1909 – The Nats double up the Highlanders, 3-1, in the Big Apple. Highlander Ray Demmitt accounts for New York’s lone run with a homer off Walter Johnson. For Johnson, it is the first homer he has yielded since his debut nearly 2 years before.
1925 – Outfielder “Broadway” Bill Lamar of Philadelphia has his 28 game hitting streak snapped in a 4-1 Senators victory in Washington. The Sens now find themselves on the doorstep of the 1st place A’s, a mere half game behind.
1941 – Playing host to the Yankees in two today, the Senators are defeated twice, 9-4 and 7-5. The bigger story, though, is Joe DiMaggio tying and breaking George Sisler‘s AL mark of hitting in 41 consecutive games. Joltin’ Joe ties Sisler’s record in the first game with a 6th inning double off Nat’s knuckeballer Dutch Leonard. DiMaggio becomes the record holder with a 7th inning single off Red Anderson in the nightcap.
1945 – P Marino ”Chick” Pieretti, one of only 6 Italian born baseball players to play in the majors, notches the win today for the Nats. The native of Lucca, Italy is the beneficiary of a hot Senators offense, as the Sens knockout the host Tigers, 8-3.
1961 – Going nowhere fast, the expansion Sens unload veteran P Tom Sturdivant to contending Pittsburgh for hard throwing, albeit wild, pitcher Tom Cheney. Cheney would see his career derailed by arm woes just as he was beginning to establish himself as a solid starter.
1962 – Chuck Hinton‘s bomb in the bottom of the 10th wins it for Washington, 6-3, over Minnesota. In the 8th inning, Hinton’s bases loaded walk had knotted the game at 3 after Harmon Killebrew had homered in the top half to give the Twins the lead. Dave Stenhouse of Washington pitches all 10 innings in grabbing his 6th win.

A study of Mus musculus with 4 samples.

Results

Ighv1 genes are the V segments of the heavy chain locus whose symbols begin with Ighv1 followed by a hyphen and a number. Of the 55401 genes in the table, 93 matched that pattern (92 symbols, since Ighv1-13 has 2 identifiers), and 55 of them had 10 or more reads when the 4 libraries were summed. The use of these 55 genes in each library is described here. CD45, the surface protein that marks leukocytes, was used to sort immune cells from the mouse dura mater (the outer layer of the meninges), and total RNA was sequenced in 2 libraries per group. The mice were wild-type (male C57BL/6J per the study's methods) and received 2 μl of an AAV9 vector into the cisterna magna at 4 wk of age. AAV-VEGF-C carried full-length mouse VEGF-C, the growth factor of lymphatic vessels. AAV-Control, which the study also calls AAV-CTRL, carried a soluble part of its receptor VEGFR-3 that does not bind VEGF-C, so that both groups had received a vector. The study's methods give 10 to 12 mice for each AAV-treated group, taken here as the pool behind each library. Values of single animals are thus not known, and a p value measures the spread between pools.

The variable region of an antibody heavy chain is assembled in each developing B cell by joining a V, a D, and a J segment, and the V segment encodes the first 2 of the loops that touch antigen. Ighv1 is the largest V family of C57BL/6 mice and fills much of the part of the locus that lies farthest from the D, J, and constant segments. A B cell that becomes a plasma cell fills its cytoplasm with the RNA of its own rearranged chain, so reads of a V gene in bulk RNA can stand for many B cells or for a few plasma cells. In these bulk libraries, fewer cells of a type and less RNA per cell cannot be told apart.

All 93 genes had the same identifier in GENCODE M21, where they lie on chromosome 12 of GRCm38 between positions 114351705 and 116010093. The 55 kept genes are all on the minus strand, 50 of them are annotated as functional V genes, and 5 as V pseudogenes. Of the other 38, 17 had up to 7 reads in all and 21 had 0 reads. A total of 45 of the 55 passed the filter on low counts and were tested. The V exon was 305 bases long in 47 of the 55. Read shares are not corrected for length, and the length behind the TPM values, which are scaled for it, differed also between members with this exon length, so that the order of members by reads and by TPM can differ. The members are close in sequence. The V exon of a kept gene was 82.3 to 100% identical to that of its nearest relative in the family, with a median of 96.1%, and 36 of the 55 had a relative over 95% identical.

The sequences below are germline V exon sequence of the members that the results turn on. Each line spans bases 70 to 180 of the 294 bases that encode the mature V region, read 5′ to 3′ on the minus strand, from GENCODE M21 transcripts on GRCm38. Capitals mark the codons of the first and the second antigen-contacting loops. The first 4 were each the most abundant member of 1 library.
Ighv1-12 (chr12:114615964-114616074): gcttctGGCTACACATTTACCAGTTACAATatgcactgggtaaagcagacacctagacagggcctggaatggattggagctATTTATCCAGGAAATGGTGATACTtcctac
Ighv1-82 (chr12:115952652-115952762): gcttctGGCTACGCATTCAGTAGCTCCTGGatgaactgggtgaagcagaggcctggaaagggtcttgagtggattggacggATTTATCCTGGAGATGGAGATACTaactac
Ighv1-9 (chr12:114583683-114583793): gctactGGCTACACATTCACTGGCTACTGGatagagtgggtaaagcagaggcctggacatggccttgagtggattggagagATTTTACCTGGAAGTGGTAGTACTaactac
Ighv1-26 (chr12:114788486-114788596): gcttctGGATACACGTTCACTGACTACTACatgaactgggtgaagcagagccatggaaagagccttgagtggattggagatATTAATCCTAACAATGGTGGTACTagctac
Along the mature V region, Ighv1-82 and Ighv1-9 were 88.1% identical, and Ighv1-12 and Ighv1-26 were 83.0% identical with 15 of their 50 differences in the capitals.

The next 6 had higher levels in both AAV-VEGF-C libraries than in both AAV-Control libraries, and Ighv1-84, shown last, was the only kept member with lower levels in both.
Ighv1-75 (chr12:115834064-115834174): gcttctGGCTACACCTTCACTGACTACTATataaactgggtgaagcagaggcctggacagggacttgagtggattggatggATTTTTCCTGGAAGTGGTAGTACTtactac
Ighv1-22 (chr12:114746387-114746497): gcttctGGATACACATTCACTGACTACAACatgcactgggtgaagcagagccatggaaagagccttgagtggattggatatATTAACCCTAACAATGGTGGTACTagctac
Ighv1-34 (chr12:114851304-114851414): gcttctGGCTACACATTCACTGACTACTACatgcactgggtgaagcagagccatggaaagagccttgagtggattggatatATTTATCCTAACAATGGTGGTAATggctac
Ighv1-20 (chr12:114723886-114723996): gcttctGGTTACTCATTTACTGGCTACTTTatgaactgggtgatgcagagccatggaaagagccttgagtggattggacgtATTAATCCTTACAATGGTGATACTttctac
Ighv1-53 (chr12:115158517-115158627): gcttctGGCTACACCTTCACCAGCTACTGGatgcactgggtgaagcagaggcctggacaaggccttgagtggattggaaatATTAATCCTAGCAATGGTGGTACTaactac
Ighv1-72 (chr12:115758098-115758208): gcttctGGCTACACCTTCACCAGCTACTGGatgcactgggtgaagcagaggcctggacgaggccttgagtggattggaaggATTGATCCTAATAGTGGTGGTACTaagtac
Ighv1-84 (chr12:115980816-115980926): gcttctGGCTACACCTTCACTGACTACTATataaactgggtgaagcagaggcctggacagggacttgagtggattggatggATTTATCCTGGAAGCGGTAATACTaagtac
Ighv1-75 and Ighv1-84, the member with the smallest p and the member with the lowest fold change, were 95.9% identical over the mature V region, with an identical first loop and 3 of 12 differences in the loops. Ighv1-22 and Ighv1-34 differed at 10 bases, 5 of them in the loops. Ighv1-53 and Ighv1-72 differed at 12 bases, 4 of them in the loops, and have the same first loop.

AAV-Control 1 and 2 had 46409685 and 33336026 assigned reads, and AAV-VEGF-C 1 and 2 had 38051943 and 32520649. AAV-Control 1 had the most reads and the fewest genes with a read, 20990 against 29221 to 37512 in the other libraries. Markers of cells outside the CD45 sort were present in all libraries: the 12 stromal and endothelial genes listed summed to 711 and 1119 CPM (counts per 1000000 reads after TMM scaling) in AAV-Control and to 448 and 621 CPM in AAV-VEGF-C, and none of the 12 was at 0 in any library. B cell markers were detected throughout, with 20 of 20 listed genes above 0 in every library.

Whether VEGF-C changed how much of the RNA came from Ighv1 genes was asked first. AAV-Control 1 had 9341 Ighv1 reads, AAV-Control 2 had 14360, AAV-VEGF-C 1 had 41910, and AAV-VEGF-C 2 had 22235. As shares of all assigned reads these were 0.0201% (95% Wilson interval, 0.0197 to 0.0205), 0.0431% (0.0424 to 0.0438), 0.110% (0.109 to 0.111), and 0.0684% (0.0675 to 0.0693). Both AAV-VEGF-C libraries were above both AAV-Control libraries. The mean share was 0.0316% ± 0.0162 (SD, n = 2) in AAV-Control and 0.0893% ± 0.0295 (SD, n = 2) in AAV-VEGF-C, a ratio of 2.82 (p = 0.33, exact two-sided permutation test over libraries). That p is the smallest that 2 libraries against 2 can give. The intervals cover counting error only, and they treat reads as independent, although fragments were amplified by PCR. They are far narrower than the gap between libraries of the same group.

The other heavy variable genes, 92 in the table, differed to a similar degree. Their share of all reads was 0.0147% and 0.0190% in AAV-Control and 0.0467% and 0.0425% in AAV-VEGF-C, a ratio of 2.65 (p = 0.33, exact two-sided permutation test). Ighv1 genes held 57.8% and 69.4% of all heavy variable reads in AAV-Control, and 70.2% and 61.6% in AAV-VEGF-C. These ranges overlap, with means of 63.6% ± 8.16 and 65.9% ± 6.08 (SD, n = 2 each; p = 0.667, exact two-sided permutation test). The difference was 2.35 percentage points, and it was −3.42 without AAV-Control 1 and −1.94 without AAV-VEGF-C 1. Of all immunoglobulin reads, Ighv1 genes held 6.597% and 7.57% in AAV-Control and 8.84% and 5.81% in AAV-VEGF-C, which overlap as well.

Harmon Clayton Killebrew B Jun. 29, 1936 D May 17, 2011
Hall Of Famer Harmon Killebrew should need no introduction. First appearing as a 17 year old rookie with the Senators in 1954, Killebrew wouldn’t be a regular on the Washington roster until 1959 when he appeared in 153 games and hit 42 home runs. His best season in Washington would unfortunately be the last year of the original Senators Franchise, 1960, when he played in 124 games and hit .276.
After the original Senators relocated to the Twin Cities, Killebrew would spend 14 years on the Twins roster (1961-1974) and finish his career in 1975 with the Kansas City Royals.
Originally signed as a second baseman, Killebrew eventually found his niche playing 1st & 3rd bases and in the outfield. He would only ever appear in one World Series (1965) but was selected to the All Star squad in eleven years (1959, 1961, 1963-1971) and also played in the American League Championship Series of 1969 & 1970.
Killebrew would finish with 573 career home runs, hitting over 40 in 7 seasons. His personal high was 49, accomplished in both the 1964 and 1969 seasons.
Robert Hayes (Bobby) Veach B Jun. 29, 1888 D Aug. 7, 1945
Sometimes you just need to know how to pick your spots…
Outfielder Bobby Veach spent a long and impressive career in the major leagues, playing in 1,821 games over 14 seasons with the Detroit Tigers, Boston Red Sox, New York Yankees and Washington Senators. Only 18 of those games were in a Washington uniform, but it was enough to allow Veach to appear in his only World Series with the 1925 Senators.
Beginning his major league journey in Detroit in August of 1912, Veach would spent the remainder of 1912 through 1923 playing in the Tigers outfield. His most impressive season would be 1919 when he went 191 for 538, good for a .355 BA.
1924 would find Veach in Boston, with the Red Sox. After 1 game in Boston in 1925, he went to New York, appearing in 56 games for the Yankees.
His last move would come later in the 1925 season, when he played his last 18 regular season games for the Senators, hitting .243. He appeared in 2 games for the Senators in the 1925 World Series, going 0-1 at bat.
Gene Kermit Verble B Jun. 29, 1928 Still Living
Gene Verble arrived in the majors in April of 1951 as an infielder for the Senators. Playing 2nd, shortstop and 3rd, he’d make it into 68 games and hit .203.
Returning to the Senators in 1953, he’d play 8 games at short, but would only hit .190 and depart the Senators, and the majors, on June 27 of 1953, 2 days shy of his 25th birthday.